Searchable Title

Mental Health-Promoting Knowledge (MHPK-10) Measure (appears in: Positive Mental Health Literacy: Development and Validation of a Measure Among Norwegian Adolescents). Copyright: Creative Commons License.

Reference Type

Journal Article

Authors, Section

Bjornsen, H. N.; Eilertsen, M. E. B.; Ringdal, R.; Espnes, G. A.; Moksnes, U. K.

Title, Section

Mental Health-Promoting Knowledge (MHPK-10) Measure (appears in: Positive Mental Health Literacy: Development and Validation of a Measure Among Norwegian Adolescents). Copyright: Creative Commons License.

Publication Year

2017

Journal Title

BMC Public Health

Volume

17

Issue

1

Pages

717

Availability

online

PMID

PMID: 28923031

DOI

10.1186/s12889-017-4733-6

Abstract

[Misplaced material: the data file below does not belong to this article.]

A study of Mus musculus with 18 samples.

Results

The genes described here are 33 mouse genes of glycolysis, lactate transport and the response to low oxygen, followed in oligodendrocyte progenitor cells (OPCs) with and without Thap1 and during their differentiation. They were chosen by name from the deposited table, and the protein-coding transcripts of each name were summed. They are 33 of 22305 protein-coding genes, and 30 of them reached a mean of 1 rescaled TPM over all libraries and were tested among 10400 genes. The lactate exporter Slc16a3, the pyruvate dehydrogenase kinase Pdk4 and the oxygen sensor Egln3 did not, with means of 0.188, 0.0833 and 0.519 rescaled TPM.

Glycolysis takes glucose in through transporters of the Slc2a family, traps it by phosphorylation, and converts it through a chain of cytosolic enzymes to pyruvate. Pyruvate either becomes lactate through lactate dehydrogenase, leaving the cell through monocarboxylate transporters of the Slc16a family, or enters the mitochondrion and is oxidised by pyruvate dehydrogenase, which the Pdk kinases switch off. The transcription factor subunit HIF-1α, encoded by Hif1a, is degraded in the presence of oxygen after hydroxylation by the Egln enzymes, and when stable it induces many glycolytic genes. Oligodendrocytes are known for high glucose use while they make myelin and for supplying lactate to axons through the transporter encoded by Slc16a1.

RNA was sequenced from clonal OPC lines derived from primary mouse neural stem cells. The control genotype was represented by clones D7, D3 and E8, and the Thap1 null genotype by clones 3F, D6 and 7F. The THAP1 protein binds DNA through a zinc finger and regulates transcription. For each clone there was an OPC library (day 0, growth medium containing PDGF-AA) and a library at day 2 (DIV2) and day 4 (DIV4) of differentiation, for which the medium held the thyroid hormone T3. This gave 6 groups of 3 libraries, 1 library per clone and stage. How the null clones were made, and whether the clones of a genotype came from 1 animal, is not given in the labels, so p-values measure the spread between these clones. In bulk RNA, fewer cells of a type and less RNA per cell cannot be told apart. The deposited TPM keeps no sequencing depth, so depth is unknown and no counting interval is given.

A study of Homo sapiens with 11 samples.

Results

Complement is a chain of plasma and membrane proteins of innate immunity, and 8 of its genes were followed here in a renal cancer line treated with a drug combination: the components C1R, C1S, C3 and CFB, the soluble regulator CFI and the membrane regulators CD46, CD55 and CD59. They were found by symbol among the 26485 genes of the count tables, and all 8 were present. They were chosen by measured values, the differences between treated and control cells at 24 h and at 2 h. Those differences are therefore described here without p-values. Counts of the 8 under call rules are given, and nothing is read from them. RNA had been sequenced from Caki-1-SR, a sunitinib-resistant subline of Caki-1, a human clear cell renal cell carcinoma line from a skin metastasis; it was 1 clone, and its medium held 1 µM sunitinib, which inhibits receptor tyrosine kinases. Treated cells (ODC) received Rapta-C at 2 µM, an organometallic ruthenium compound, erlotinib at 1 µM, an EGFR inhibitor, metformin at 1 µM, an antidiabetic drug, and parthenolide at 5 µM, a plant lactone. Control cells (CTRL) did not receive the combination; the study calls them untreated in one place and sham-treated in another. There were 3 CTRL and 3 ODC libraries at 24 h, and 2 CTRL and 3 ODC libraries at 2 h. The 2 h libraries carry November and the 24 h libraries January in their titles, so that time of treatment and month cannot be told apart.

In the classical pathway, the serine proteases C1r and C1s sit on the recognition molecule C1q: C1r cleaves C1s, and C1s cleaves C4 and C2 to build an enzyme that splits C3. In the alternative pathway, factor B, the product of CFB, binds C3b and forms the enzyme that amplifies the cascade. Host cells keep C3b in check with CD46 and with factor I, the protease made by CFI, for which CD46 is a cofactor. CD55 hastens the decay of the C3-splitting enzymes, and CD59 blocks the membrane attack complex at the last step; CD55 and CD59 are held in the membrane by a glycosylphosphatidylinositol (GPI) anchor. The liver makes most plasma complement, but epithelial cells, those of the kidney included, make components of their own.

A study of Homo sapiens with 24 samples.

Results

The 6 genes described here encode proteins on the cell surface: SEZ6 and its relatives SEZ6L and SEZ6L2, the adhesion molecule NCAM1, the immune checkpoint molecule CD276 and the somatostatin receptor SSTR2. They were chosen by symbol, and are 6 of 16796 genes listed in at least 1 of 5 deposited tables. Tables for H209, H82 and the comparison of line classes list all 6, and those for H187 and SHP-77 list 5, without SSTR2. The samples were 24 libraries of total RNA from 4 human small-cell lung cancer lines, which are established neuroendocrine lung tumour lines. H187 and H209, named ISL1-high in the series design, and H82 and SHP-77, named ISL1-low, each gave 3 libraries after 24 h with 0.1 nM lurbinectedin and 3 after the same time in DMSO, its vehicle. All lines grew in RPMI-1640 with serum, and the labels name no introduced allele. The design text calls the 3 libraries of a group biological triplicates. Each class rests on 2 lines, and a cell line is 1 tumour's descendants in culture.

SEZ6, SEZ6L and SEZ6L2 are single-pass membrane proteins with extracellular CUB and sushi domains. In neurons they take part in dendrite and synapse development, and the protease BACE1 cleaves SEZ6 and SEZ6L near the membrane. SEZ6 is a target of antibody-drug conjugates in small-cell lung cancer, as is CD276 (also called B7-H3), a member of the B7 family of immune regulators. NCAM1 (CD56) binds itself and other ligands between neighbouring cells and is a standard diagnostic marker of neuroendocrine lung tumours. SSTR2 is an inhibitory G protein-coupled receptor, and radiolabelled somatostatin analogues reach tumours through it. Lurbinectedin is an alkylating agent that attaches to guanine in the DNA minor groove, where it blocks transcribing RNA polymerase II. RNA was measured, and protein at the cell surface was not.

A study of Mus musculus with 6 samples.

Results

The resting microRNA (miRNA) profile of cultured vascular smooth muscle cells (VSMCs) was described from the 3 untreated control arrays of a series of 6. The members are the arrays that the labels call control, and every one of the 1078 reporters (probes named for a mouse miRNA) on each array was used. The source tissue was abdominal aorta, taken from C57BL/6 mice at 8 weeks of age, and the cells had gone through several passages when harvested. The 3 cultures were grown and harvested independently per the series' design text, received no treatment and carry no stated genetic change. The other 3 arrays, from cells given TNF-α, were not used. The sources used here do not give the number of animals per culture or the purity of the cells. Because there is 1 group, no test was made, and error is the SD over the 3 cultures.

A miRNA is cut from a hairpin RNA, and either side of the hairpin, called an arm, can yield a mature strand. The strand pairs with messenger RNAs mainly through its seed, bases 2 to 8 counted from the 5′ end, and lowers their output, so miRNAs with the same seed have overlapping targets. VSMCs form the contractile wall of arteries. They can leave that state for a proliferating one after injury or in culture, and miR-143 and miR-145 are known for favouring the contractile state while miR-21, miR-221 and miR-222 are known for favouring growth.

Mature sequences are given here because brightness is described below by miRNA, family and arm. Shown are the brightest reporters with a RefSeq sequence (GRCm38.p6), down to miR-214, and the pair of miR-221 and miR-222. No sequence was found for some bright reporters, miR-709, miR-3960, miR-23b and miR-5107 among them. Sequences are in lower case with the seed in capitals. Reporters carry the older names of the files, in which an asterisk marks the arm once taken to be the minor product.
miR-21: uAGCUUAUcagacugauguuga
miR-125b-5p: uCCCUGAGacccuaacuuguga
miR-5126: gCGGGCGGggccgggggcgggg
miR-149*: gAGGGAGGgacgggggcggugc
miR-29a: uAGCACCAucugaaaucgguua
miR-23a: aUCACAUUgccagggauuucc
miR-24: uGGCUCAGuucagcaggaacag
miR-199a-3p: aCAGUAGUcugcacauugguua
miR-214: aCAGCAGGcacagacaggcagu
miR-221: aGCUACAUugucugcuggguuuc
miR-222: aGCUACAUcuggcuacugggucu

Full text is in Additional file 1: MHPK-10 Instrument on the website. BACKGROUND: Mental health literacy (MHL), or the knowledge and abilities necessary to benefit mental health, is a significant determinant of mental health and has the potential to benefit both individual and public mental health. MHL and its measures have traditionally focused on knowledge and beliefs about mental -ill-health rather than on mental health. No measures of MHL addressing knowledge of good or positive mental health have been identified. AIM: This study aimed to develop and validate an instrument measuring adolescents' knowledge of how to obtain and maintain good mental health and to evaluate the psychometric properties of the instrument. More specifically, the factor structure, internal and construct validity, and test-retest reliability were assessed. METHODS: The participants were Norwegian upper secondary school students aged 15-21 years. The development and validation of the instrument entailed three phases: 1) item generation based on the basic psychological needs theory (BPNT), focus group interviews, and a narrative literature review, 2) a pilot study (n = 479), and 3) test-retest (n = 149), known-groups validity (n = 44), and scale construction, item reduction through principal component analysis (PCA), and confirmatory factor analysis (CFA) for factor structure and psychometric properties assessment (n = 1888). RESULTS: Thirty-two items were initially generated, and 15 were selected for the pilot study. PCA identified cross-loadings, and a one-factor solution was examined. After removing five problematic items, CFA yielded a satisfactory fit for a 10-item one-factor model, referred to as the mental health-promoting knowledge (MHPK-10) measure. The test-retest evaluation supported the stability of the measure. McDonald's omega was 0.84, and known-groups validity test indicated good construct validity. CONCLUSION: A valid and reliable one-dimensional instrument measuring knowledge of factors promoting good mental health among adolescents was developed. The instrument has the potential to complement current measures of MHL and may be useful when planning mental health promotion activities and evaluating public mental health education initiatives in adolescents.